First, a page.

In brief - New claims filed in the Federal Court are set to analyse a rarely-litigated section of the Fair Work Act 2009 (Cth) (Act) concerning whether an employee's additional hours of work are reasonable or unreasonable. The outcome of these claims could have significant implications for employers and how they manage salaried employees who work significant overtime.

Sally Rugg, the former Chief of Staff for Independent MP Monique Ryan, has sued the Commonwealth and Ms Ryan, claiming that the additional hours she worked during her 70-hour work weeks were unreasonable. Similarly, the Finance Sector Union has lodged a claim against National Australia Bank (NAB) alleging that NAB Managers, who were nominally employed to work 38 hours a week, were working 10 to 16 hours a day and were forced to work unreasonable overtime.

Both of these claims centre on the effect of section 62 of the Act, and what it means for an employee to work reasonable additional hours without additional compensation.

What does Act say regarding an employer requesting an employee to work reasonable additional hours?

Section 62 of the Act provides that an employer must not require a full-time employee to work more than 38 hours per week unless the additional hours are reasonable. Similarly, for a part-time employee, the limit is the lesser of 38 hours and the employee's ordinary hours of work in a week.

Section 62(3) of the Act, sets out the facts to be taken into account when determining whether additional hours would be considered reasonable or unreasonable. These factors include: 

  1. any risk to employee's health and safety from working the additional hours

  2. the employee's personal circumstances, including family responsibilities

  3. the needs of the workplace or enterprise in which the employee is employed

  4. whether the employee is entitled to receive overtime payments, penalty rates, or other compensation for, or a level of remuneration that reflects an expectation of, working additional hours

  5. any notice given by the employer of any request or requirement to work the additional hours

  6. any notice given by the employee of his or her intention to refuse to work the additional hours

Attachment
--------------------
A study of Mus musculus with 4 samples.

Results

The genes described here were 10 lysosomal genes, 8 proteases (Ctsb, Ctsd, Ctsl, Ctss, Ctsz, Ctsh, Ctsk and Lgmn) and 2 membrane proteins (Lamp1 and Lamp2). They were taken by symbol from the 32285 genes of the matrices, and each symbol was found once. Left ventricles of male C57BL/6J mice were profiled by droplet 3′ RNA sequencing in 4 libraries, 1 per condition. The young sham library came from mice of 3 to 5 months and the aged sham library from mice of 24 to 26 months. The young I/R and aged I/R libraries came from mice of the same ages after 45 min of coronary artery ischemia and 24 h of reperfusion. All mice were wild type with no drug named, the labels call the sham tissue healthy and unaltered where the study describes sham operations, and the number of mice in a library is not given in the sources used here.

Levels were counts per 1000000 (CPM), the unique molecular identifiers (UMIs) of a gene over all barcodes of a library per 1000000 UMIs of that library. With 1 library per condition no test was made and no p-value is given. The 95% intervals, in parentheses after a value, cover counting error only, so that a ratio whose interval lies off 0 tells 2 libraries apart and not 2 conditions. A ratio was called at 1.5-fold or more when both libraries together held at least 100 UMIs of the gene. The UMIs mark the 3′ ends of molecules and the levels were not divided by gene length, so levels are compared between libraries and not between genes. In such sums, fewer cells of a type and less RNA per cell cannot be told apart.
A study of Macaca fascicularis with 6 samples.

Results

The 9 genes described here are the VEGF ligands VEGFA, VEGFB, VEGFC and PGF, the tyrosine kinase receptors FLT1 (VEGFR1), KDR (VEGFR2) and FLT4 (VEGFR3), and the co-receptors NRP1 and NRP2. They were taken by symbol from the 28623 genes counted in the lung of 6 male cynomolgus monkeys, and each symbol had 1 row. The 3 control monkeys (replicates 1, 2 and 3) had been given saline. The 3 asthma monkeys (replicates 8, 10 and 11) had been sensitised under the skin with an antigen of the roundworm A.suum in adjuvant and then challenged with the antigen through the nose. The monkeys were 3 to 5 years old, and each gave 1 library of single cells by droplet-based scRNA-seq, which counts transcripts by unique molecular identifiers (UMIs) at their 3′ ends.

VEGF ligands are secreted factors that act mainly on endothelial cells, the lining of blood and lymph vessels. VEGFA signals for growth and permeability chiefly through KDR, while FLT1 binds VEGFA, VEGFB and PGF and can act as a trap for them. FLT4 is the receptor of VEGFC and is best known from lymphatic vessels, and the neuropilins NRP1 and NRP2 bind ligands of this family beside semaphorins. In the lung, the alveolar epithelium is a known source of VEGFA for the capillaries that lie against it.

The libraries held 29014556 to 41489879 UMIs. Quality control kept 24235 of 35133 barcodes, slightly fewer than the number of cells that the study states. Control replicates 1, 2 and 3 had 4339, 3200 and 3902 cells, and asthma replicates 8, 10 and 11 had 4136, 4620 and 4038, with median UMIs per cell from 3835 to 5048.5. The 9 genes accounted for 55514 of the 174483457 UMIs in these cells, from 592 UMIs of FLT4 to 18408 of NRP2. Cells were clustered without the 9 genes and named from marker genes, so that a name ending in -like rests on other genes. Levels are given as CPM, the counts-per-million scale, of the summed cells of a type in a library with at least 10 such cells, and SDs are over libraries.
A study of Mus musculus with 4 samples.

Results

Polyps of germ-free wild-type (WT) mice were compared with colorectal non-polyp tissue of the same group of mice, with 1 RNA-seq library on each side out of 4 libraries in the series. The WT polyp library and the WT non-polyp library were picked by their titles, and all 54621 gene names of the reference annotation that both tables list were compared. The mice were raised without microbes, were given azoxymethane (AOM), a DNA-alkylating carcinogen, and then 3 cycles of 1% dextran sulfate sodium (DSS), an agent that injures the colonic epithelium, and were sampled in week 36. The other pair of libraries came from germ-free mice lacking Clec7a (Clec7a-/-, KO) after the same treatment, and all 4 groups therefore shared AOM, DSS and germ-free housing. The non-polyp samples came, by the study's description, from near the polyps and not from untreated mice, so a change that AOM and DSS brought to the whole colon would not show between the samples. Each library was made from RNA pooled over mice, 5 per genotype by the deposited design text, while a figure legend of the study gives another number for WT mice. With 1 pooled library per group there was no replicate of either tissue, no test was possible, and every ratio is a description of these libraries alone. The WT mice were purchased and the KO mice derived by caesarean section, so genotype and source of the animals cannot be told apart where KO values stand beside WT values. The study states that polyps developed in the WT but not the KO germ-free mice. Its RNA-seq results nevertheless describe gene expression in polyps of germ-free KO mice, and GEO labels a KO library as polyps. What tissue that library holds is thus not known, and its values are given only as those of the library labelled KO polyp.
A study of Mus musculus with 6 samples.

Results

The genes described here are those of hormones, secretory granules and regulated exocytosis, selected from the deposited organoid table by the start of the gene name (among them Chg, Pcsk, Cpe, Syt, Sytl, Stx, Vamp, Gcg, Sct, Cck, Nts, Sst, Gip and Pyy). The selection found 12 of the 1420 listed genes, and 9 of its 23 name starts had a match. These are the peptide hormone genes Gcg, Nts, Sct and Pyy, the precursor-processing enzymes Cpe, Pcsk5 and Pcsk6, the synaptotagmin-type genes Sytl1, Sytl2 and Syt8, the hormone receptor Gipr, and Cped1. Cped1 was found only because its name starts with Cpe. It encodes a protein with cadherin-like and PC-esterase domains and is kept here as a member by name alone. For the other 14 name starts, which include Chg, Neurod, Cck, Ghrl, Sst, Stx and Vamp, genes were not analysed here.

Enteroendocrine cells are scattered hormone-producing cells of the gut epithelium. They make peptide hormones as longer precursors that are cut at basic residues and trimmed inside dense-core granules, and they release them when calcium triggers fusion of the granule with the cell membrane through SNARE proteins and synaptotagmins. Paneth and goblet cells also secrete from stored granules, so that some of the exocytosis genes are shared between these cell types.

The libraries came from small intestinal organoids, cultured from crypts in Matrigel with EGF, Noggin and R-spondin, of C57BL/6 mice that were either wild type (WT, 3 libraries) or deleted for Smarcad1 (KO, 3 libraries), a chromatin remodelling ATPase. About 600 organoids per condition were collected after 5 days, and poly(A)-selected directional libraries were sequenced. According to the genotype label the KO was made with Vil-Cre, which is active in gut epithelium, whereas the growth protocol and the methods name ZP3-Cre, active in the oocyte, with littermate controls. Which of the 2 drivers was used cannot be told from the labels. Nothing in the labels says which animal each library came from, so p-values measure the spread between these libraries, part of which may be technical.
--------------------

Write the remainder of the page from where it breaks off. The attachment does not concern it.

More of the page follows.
7. the usual patterns of work in the industry, or the part of an industry, in which the employee works

  8. the nature of the employee's role, and the employee's level of responsibility

  9. whether the additional hours are in accordance with averaging terms included under section 63 in a modern award or enterprise agreement that applies to the employee, or with an averaging arrangement agreed to by the employer and employee under section 64

  10. any other relevant matters.

How have the Courts interpreted section 62 of the Act?

In 2022, the Federal Court of Australia considered the operation of section 62 of the Act in Australasian Meat Industry Employees Union v Dick Stone Pty Ltd [2022] FCA 512 (Dick Stone decision). 

In March 2016, Dick Stone Pty Ltd (Dick Stone), a large meat wholesaler in Sydney, offered a job to Mr Samuel Boateng (Mr Boateng). Mr Boateng's employment contract had a term that required him to work 50 ordinary work hours per week from 2.00 am to 11.30 am on weekdays and from 2.00 am to 7.00 am on Saturdays, plus reasonable additional hours as requested. Mr Boateng was covered by the Meat Industry Award 2010 (Award) but the contract did not include the stipulated rate of pay under the Award.

Throughout the course of his employment Mr Boateng regularly worked 50-hour weeks, and at times worked additional hours. Mr Boateng was paid his regular hourly rate of pay for these additional hours. The Australasian Meat Industry Employees Union (Union) brought a claim on behalf of Mr Boateng alleging that, among other things, Mr Boateng's additional hours were unreasonable.

Were the additional hours worked unreasonable?

The Court held that Mr Boateng's additional hours were unreasonable. Justice Katzmann considered the factors outlined under section 62(3) of the Act. Justice Katzmann took into account the personal circumstances of the Applicant and found that as a recent immigrant, Mr Boateng was unaware of his rights under the Act. Justice Katzmann also noted that Mr Boateng was not paid overtime for the additional hours he worked.

Whilst Justice Katzmann conceded that Dick Stone did have a business need for employees to work additional hours, the 2.00 am start time in Mr Boateng's contract was unusual, and the hours of work were not in accordance with the averaging terms in the Award. Additionally, Justice Katzmann determined that the hours of work deprived Mr Boateng of a weekend because they exceeded the ordinary 5-day working week. 

What should employers be thinking about?

The Rugg case and the Union case against the NAB is a timely reminder of the need for employers to be certain as to whether the requests they make of employees to work additional hours is compliant with section 62 of the Act. The Courts will determine whether additional hours are reasonable or unreasonable with reference to the factors outlined under section 62(3) of the Act.

Employers should examine the hours of work of their employees, particularly white collar workers to ensure that additional hours are both reasonable and remunerated correctly. 

This is commentary published by Colin Biggers & Paisley for general information purposes only. This should not be relied on as specific advice. You should seek your own legal and other advice for any question, or for any specific situation or proposal, before making any final decision. The content also is subject to change. A person listed may not be admitted as a lawyer in all States and Territories. © Colin Biggers & Paisley, Australia 2024.